NEW YORK SUPREME COURT, APPELLATE DIVISION, FIRST DEPARTMENT
November 5, 2009
JANET CHANG, ETC., PLAINTIFF-APPELLANT,
MICHAEL G. ZAPSON, DEFENDANT-RESPONDENT, DAVID GALANTER, DEFENDANT.
GOLDEN CITY COMMERCIAL BANK, PLAINTIFF,
207 SECOND AVENUE REALTY CORP., DEFENDANT-APPELLANT, WILSON WEI CHANG, DEFENDANT, MICHAEL G. ZAPSON, NON-PARTY RESPONDENT.
Orders, Supreme Court, New York County (Milton A. Tingling, J.), entered April 3 and September 25, 2008, which respectively approved the successor temporary receiver's final accounting in this consolidated action and dismissed plaintiff Janet Chang's complaint alleging malfeasance against the successor temporary receiver, unanimously modified, on the facts, the award of fees to the receiver's attorneys vacated, the matter remanded for a hearing on the reasonable value of legal services rendered to the receivership, and otherwise affirmed, with costs in favor of defendant Zapson, payable by Chang.
Published by New York State Law Reporting Bureau pursuant to Judiciary Law § 431.
This opinion is uncorrected and subject to revision before publication in the Official Reports.
Sweeny, J.P., Buckley, Catterson, Acosta, Freedman, JJ.
406575/07 & 104319/93
The plenary action, in which 50% owner Janet Chang alleged malfeasance against the successor temporary receiver, was properly dismissed because Chang had been denied leave of court to bring the action (see Copeland v Salomon, 56 NY2d 222, 228 ; Collins v Vickers, 296 AD2d 320 , lv denied 98 NY2d 615 ), and was thus without legal capacity to file such a suit (CPLR 3211[a]). Dismissal was also appropriate because there was another action pending between these parties involving the same causes of action (CPLR 3211[a]). Chang's reliance on San Ysidro v Rabinow (1 AD3d 185, 186 [1st Dept. 2003]), is misplaced. In San Ysidro, we held that a summons with notice can not suffice as a predicate for the "prior pending action" requirement of CPLR 3211(a)(4). Such is not the case here where the "prior pending action" is the New York County action commenced years before Chang's Westchester filing of a summons with notice.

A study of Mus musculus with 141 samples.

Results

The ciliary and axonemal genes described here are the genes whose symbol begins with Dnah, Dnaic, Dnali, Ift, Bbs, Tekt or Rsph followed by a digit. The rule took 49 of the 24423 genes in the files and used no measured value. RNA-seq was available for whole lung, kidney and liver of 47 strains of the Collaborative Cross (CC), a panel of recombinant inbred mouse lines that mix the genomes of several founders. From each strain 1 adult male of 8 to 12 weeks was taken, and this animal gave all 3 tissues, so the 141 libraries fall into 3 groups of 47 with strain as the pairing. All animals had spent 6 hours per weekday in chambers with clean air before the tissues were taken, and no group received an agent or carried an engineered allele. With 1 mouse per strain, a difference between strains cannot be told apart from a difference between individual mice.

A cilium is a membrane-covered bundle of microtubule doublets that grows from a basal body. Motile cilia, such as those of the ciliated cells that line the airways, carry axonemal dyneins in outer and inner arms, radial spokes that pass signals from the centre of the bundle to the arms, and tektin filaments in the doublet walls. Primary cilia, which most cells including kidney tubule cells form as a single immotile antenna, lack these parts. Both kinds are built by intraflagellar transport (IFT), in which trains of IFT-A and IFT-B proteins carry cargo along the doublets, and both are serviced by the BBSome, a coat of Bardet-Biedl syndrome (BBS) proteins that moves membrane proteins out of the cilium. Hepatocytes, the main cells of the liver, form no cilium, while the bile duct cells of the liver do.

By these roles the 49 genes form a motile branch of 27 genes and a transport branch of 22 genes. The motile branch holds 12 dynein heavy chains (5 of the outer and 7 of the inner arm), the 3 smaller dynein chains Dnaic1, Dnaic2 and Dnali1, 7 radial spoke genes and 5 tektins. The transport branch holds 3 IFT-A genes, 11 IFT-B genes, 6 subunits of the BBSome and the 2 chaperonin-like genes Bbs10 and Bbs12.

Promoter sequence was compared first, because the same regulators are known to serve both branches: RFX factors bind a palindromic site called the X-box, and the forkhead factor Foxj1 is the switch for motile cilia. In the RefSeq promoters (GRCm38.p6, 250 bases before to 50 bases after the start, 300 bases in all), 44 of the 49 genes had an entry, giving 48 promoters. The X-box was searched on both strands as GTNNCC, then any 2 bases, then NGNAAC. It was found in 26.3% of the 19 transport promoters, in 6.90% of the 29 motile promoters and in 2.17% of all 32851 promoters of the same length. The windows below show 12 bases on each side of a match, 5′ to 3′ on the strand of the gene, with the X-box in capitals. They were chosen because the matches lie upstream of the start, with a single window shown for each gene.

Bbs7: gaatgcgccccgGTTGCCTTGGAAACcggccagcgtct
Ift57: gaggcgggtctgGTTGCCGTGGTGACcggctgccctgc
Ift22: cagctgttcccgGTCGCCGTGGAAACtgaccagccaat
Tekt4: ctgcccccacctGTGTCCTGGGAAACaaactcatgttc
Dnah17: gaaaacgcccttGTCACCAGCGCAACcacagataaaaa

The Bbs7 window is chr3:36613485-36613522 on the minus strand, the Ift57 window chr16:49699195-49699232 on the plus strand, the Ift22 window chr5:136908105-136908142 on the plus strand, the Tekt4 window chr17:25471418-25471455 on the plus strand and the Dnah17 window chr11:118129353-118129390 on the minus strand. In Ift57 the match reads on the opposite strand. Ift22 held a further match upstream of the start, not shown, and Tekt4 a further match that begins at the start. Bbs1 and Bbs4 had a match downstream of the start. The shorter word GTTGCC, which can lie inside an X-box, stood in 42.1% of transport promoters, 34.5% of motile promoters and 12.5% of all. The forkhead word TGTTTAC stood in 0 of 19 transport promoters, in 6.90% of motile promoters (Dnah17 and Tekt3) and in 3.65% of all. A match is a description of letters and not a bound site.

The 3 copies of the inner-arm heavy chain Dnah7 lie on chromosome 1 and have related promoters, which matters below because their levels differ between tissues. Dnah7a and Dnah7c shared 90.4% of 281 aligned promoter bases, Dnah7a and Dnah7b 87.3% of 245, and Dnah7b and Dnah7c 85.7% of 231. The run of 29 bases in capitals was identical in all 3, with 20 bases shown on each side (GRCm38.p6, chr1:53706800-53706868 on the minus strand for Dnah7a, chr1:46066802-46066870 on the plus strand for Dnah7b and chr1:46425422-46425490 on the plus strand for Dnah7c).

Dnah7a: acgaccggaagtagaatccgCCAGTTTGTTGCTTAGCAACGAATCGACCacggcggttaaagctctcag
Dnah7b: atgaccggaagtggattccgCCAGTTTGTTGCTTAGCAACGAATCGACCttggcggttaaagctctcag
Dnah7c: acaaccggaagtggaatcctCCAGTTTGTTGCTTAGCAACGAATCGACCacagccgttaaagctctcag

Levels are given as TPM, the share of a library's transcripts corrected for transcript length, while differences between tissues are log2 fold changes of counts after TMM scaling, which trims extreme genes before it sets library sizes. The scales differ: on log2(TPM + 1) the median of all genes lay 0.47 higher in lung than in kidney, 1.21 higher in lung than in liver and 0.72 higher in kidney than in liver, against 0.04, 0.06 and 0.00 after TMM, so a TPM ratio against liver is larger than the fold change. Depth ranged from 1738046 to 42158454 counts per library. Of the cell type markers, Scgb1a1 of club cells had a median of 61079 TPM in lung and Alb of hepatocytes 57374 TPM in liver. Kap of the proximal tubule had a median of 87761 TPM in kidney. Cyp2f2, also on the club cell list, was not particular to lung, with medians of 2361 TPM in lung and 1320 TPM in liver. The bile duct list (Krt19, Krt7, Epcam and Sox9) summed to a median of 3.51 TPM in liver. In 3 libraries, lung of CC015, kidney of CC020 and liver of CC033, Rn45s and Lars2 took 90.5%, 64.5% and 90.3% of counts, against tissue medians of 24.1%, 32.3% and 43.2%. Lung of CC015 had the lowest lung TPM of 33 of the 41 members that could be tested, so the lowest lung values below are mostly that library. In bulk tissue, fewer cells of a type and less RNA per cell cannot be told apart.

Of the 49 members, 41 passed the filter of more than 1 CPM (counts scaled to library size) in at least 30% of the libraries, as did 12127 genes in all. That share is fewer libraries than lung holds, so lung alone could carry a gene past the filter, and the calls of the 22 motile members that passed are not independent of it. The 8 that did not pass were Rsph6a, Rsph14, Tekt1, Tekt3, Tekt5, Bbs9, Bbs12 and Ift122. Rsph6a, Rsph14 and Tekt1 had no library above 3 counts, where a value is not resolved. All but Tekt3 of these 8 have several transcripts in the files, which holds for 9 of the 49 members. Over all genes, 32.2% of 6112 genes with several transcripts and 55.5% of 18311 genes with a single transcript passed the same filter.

Having considered the evidence of record, including the papers submitted in support of the motion for an order settling the successor temporary receiver's final account, we reject Chang's contention that the commission awarded to the successor temporary trustee for the rents and profits of the subject premises in the underlying mortgage foreclosure actions was excessive. The commission paid was within the legal limit of no more than 5% of the amount collected and disbursed by the receiver (CPLR 8004[a]), and was justified in light of the complexities of the receivership. The receiver rendered a proper accounting documenting his services in adequate detail (see New York State Mtge. Loan Enforcement & Admin. Corp. v Milbank Site One Houses, 151 AD2d 424 ).
The court properly determined that the successor temporary receiver was entitled to recover those attorney fees and costs incurred in retaining outside counsel starting in August 2004, which were based upon court orders expressly authorizing the retention of such counsel, and were undisputably supported by proper affidavits of services rendered.
We conclude, from this record, that the court was authorized to approve nunc pro tunc the appointment of outside counsel to assist the receiver from 1996 through 2002 (see Bozewicz v Nash Metal Ware Co., 280 AD2d 443 ). However, the court lacked adequate information from which to assess the value of the legal services rendered during that time (see Bankers Fed. Sav. Bank v Off W. Broadway Devs., 224 AD2d 376 ; Matter of Ronan Paint Corp., 98 AD2d 413, 419-420 ). A hearing is necessary to determine whether the amount of fees paid by the receiver from 1996 through 2002 was reasonable in light of the legal services rendered.
THIS CONSTITUTES THE DECISION AND ORDER OF THE SUPREME COURT, APPELLATE DIVISION, FIRST DEPARTMENT.